Through collaboration, research and blurring the worlds of craft, science and technology, Central Saint Martin’s MA Material Futures graduates look beyond existing boundaries to anticipate our future needs, desires and challenges for the 21st century. Coming from diverse disciplines and backgrounds, this year’s cohort traverse fields including fashion, architecture, communication, textile, critical, digital and speculative design. Taking a closer look at the work of 2019’s graduates, currently on show at the university until 23 June, Something Curated highlights seven burgeoning cross-disciplinary innovators you should know.
Jack Newbury || Department for Inclusive Education [DfIE]
The Department for Education is introducing compulsory Relationships Education for primary pupils and Relationships and Sex Education [RSE] for secondary pupils from September 2019. Whilst this strategy is broadly welcomed and long overdue, it unfortunately omits the LGBTQ+ community and associated sexual practices in this teaching. In response, Jack Newbury has developed the Department for Inclusive Education [DfIE], a design organisation that aims to integrate equality within sexual education with a proposed kit for secondary schools.
Rosie Broadhead || SKIN II
Our skin’s biome is shaped by our natural environment, and what we put on and next to our skin has a direct impact on our bodies. Rosie Broadhead’s SKIN II, in collaboration with Microbiologist Dr Callewaert, explores the benefits of encapsulating probiotic bacteria into the fibres of clothing. These are activated when they come into contact with the moisture on our skin, allowing them to dominate other less beneficial bacteria. For optimal results, the probiotics are strategically placed in key areas where you would normally sweat. The encapsulated bacteria are associated with reduced body odour, encouraging cell renewal, and improving the skin’s immune system.
Yiwei Cui || Bio-Kintsugi
Wabi-sabi is an ancient Japanese philosophy focused on accepting the imperfect and transient nature of life. Often associated with Wabi-sabi is the art of Kintsugi – a method of repairing broken pottery using gold or lacquer. The process highlights, rather than conceals, the cracks allowing them to become a part of the piece. By exploring the qualities and technique of micro-mineralisation, the biological process in which living organisms are naturally able to repair themselves, Yiwei Cui has developed the practice of Bio-Kintsugi, a technique in which micro-organisms and bacteria can repair broken objects efficiently and beautifully.
Nathalie Spencer || Wool: Re-Crafted
Nathalie Spencer presents a vegan alternative to wool by utilising the discarded waste leaves of pineapples from markets and juice bars around London, processing the fibres into a wearable material. By perceiving waste as a design opportunity, an existing by-product is made into a sustainable and biodegradable vegan textile. Through collaboration, the project uses craft as a catalyst to relocate the value of the material and revive the connections within the making process. At the core lies a more sustainable option to wool that is designed within the circular economy.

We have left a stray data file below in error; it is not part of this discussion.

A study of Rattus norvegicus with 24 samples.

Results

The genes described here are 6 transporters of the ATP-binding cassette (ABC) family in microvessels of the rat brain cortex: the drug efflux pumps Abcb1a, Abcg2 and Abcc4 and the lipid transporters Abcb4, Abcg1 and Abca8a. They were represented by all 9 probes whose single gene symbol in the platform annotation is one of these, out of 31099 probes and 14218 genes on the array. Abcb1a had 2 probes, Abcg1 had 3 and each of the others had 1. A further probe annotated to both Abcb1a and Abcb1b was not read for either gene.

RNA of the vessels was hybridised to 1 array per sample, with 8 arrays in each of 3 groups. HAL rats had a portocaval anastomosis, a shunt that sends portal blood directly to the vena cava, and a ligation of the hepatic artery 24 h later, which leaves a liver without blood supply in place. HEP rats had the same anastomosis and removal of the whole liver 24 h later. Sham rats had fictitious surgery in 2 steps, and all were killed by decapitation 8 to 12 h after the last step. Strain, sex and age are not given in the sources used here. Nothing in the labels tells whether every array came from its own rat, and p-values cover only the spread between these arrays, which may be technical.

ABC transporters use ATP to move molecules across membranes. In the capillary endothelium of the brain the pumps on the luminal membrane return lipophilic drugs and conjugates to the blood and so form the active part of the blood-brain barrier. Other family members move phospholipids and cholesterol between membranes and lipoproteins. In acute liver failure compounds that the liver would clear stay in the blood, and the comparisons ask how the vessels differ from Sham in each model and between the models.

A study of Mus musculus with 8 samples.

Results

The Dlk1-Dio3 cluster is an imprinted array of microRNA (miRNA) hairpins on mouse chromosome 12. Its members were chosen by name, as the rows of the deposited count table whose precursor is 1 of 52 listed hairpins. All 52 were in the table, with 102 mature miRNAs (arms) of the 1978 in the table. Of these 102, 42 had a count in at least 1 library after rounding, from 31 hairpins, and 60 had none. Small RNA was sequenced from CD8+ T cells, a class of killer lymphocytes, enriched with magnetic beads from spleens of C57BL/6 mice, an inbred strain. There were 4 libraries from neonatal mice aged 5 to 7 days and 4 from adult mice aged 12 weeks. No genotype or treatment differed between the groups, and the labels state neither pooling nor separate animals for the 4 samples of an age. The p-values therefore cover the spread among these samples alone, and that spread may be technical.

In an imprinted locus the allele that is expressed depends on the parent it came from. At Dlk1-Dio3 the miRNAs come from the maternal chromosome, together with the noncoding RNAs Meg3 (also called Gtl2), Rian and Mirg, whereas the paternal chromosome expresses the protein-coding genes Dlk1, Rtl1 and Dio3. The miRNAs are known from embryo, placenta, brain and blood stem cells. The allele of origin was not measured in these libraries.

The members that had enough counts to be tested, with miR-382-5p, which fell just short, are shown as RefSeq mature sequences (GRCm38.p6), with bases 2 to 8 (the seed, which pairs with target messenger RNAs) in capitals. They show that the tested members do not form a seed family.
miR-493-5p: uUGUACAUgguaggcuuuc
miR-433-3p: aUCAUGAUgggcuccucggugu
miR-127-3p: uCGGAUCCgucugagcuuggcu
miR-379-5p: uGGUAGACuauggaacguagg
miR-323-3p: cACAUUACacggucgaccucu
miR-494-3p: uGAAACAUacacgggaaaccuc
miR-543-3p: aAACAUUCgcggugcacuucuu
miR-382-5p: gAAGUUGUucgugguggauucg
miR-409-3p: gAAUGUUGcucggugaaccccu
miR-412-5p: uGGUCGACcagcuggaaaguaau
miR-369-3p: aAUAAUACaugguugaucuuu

Marion Lasserre || La Nostalgie du Futur
The stress associated with living in urban areas has increased our susceptibility to mental illnesses. As our lives have become more condensed, there has also been a surge in the need to disconnect. In a time-pressed society, where every minute must be accounted and justified, mental and physical wellbeing need to become part of a tight schedule. Marion Lasserre’s “brain spa” explores how we can trigger specific neurotransmitters in our brains to enhance and manipulate our senses. Collaborating with researchers, perfumers, sound and visual artists, Lasserre has created a sensorial brain spa that can boost the production of serotonin, one of the main mood elevating neurotransmitters in the brain.
Diana Munoz || MYKROH
As a baby exits the vagina during birth, a rich bacterial transfer is created that not only protects the baby from potentially life-threatening pathogens, but also becomes the basis of our personal microbiome which shapes the future of our health. However, due to an increase in Caesarean sections, all too often babies miss the opportunity of this natural bacterial transfer. Whilst there is a DIY community that occasionally use vaginal swabs to artificially stimulate this bacteria, it is still not accepted in the medical community. Diana Munozexplores how this transfer can be facilitated in a less obstructive, more natural and more intuitive manner to protect the baby’s later life.
Chiara Tommencioni Pisapia || Made by Moths
The textile industry adopts an extractive linear system of take – make – waste. Within this system, mixed fibre textile waste is especially problematic to recycle and is often down-cycled or sent to landfills or incinerators. Chiara Tommencioni Pisapiainvestigates the potential of clothes moths and their digestive enzymes as collaborators in selecting and breaking down keratin-based fibres to create poetic artefacts. Not only does this utilise waste that would otherwise be too problematic to recycle or separate, but also demonstrates the remarkable qualities that the common moth possesses.
The MA Material Futures exhibition is part of Show Two: Design running from 19-23 June 2019 at Central Saint Martins.
Feature image: SKIN II by Rosie Broadhead. All images courtesy Central Saint Martins MA Material Futures & Graduates.